Op-Ed: Is the Supreme Court finally ready to tackle partisan gerrymandering? Signs suggest yes


Is the Supreme Court about to cause great political upheaval by getting into the business of policing the worst partisan gerrymanders? Signs from last week suggest that it well might.

At the very beginning of its term back in October, the court heard oral arguments in Gill vs. Whitford, a case challenging Wisconsin’s plan for drawing districts for its state Assembly. Republican legislators drew the lines to give them a great advantage in these elections. Even when Democrats won more than a majority of votes cast in the Assembly elections, Republicans controlled about 60% of the seats.

The court has for many years refused to police such gerrymandering. Conservative justices suggested that the question was “nonjusticiable” (meaning the cases could not be heard by the courts) because there were no permissible standards for determining when partisanship in drawing district lines went too far. Liberals came forward with a variety of tests. And Justice Anthony M. Kennedy stood in the middle, as he often does. He argued that all the tests liberals proposed didn’t work, while trying to keep the courthouse door open for new tests.


The ‘efficiency gap’ measures wasted votes, or votes cast that do not contribute to victory.

Gill offers one: It’s called the efficiency gap and it measures wasted votes, or votes cast that do not contribute to victory. (The more of these a party has to swallow, the less likely it is to win.) People reading the tea leaves during Gill oral arguments seemed to think that Kennedy was sympathetic to the Wisconsin challengers.

So far there has been no word on the outcome from the court, which issues decisions in its hardest cases as late as the end of June. There was, however, a tantalizing development late last week when the court agreed to hear a gerrymandering case out of Maryland this term. Benisek vs. Lamone involves a single congressional district drawn by Democrats to make it harder for Republicans to elect a member of Congress.

Setting a case like this for full argument is unusual. Ordinarily, when a second case presents an issue similar to one the court is already considering, the justices hold the second until the first has been decided, and then send it back to the lower court for further proceedings.

So what’s going on?

Maybe there is some technical problem with the Gill case — such as a lack of standing for the plaintiffs — that would prevent the court from deciding it on the merits. Maybe the court will rule that these cases must be decided on a district-by-district basis (as in Benisek) rather than on a statewide basis (as in Gill). Maybe the court does not like the efficiency-gap theory, and prefers the 1st Amendment argument offered in Benisek. (In brief, the theory is that when a legislature draws lines to minimize a political party’s voting strength, it interferes with the associational rights of the party’s voters, discriminating against them simply because they are Republicans or Democrats.)

After I posted my speculation on Twitter last week, a reader weighed in with another theory, one that I think may be the best of all: “Maybe they want to hear a challenge to a Democratic gerrymander in addition to the Wisconsin Republican gerrymander?”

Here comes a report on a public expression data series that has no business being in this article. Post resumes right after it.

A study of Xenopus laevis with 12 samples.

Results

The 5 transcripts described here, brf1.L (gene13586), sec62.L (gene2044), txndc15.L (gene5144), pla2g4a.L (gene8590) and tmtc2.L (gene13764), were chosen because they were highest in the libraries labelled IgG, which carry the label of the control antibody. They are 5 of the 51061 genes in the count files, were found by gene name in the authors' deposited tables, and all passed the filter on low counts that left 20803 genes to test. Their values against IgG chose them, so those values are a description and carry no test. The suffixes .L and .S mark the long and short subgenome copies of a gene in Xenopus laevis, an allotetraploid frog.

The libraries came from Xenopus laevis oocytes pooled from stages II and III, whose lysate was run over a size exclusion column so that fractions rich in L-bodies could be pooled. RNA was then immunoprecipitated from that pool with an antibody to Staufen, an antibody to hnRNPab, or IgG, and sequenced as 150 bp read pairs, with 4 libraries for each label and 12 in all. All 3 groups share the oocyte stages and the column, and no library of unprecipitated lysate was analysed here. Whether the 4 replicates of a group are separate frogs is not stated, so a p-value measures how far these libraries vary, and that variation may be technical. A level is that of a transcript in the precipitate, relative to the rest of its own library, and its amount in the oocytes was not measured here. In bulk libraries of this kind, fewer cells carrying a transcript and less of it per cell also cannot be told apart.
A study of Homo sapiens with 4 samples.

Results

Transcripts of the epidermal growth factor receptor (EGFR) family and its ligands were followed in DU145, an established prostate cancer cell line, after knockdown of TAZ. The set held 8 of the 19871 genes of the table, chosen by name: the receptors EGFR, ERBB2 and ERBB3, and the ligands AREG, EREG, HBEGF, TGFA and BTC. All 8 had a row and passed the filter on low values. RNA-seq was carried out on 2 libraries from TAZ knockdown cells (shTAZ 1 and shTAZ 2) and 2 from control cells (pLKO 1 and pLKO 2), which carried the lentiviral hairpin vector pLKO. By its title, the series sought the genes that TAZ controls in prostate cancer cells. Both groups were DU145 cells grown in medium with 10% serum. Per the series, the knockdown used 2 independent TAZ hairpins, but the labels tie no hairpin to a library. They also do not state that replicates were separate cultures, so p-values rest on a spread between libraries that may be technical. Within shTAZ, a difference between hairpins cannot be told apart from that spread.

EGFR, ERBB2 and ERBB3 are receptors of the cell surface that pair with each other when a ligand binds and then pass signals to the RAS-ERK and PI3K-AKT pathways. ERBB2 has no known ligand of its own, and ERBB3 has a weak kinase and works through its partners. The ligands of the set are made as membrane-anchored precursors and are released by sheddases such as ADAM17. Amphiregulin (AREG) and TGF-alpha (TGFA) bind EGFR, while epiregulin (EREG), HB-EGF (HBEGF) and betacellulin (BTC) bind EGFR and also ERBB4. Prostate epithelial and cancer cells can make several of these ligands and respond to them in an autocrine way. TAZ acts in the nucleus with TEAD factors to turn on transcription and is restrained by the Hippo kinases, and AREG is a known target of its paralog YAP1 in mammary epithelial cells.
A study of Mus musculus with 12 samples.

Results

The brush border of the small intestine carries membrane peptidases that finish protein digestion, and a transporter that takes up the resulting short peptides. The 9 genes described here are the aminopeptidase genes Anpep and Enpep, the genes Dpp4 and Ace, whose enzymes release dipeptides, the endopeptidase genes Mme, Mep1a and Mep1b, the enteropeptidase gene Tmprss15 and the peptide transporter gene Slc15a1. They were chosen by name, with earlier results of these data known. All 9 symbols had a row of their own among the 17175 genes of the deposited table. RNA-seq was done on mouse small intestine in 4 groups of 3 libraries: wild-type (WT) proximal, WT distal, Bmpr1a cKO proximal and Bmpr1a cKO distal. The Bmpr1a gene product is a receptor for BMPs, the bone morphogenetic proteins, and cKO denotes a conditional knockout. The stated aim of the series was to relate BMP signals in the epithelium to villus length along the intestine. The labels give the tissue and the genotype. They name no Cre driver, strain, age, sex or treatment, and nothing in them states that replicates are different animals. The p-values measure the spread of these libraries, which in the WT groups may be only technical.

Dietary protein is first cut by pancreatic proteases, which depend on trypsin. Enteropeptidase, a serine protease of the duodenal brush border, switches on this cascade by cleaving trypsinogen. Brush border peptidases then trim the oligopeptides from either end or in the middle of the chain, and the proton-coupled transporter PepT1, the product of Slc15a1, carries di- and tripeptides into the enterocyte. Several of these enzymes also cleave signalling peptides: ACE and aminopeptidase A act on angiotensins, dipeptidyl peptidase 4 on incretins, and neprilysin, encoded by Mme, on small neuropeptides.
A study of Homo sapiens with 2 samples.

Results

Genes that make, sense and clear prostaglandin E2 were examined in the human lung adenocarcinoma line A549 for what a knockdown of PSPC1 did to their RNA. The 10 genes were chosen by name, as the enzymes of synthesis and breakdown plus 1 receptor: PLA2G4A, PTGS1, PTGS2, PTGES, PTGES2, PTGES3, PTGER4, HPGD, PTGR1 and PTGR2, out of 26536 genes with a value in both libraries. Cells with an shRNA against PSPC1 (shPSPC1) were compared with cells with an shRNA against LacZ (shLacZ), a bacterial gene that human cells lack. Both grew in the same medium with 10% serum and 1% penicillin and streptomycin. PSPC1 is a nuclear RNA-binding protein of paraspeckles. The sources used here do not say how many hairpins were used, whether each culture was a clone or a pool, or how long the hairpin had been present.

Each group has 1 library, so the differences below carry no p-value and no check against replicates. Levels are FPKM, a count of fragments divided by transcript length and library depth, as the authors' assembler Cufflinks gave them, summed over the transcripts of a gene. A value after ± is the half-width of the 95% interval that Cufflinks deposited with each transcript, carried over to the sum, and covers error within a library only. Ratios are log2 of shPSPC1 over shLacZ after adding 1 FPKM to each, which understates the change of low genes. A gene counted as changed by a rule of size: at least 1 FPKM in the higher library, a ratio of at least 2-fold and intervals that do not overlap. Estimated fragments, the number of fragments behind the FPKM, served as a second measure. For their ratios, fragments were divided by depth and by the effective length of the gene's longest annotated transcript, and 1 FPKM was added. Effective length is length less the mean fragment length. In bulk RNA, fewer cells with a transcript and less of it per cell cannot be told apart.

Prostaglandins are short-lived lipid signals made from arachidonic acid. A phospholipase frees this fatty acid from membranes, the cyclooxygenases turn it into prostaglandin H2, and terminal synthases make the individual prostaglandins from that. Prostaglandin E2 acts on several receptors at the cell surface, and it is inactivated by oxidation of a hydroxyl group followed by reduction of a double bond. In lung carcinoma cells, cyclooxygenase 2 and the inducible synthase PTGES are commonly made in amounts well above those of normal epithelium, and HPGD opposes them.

The tweet reminded me of what Chief Justice John G. Roberts Jr. said during the Gill oral arguments about being forced into the business of choosing Democrats or Republicans. He said that if the “intelligent man on the street” sees the court siding with Democrats in one of these disputes, “it must be because the Supreme Court preferred the Democrats over the Republicans. And that’s going to come out one case after another as these cases are brought in every state. And that is going to cause very serious harm to the status and integrity of the decisions of this court in the eyes of the country.”


When the chief justice made these statements, I was skeptical of his sincerity. After all, the court “prefers” one party or another all the time, down to resolving the 2000 presidential election by taking Republican George W. Bush’s side in the Florida recount.

But suppose that internally the court has already decided that the plaintiffs in Gill will win, which would mean the court “prefers” Democrats in that case. I could certainly see Roberts, who cares more than the average justice about the institutional legitimacy of the court, agreeing to vote with the majority only so long as he can also “prefer” Republicans at the same time, in Benisek. Deciding Gill and Benisek together would allow the court, in announcing a new partisan-gerrymandering rule, to say that sometimes the rule favors one party and sometimes it favors the other.

We may have to wait until June to find out if this theory is correct. If it is, that’s good news not only for those who oppose hyperpartisan gerrymandering, but also those concerned about the court’s legitimacy in a hyperpolarized political environment.

Richard L. Hasen, a professor at the UC Irvine School of Law, is the author of the forthcoming book, “The Justice of Contradictions: Antonin Scalia and the Politics of Disruption.”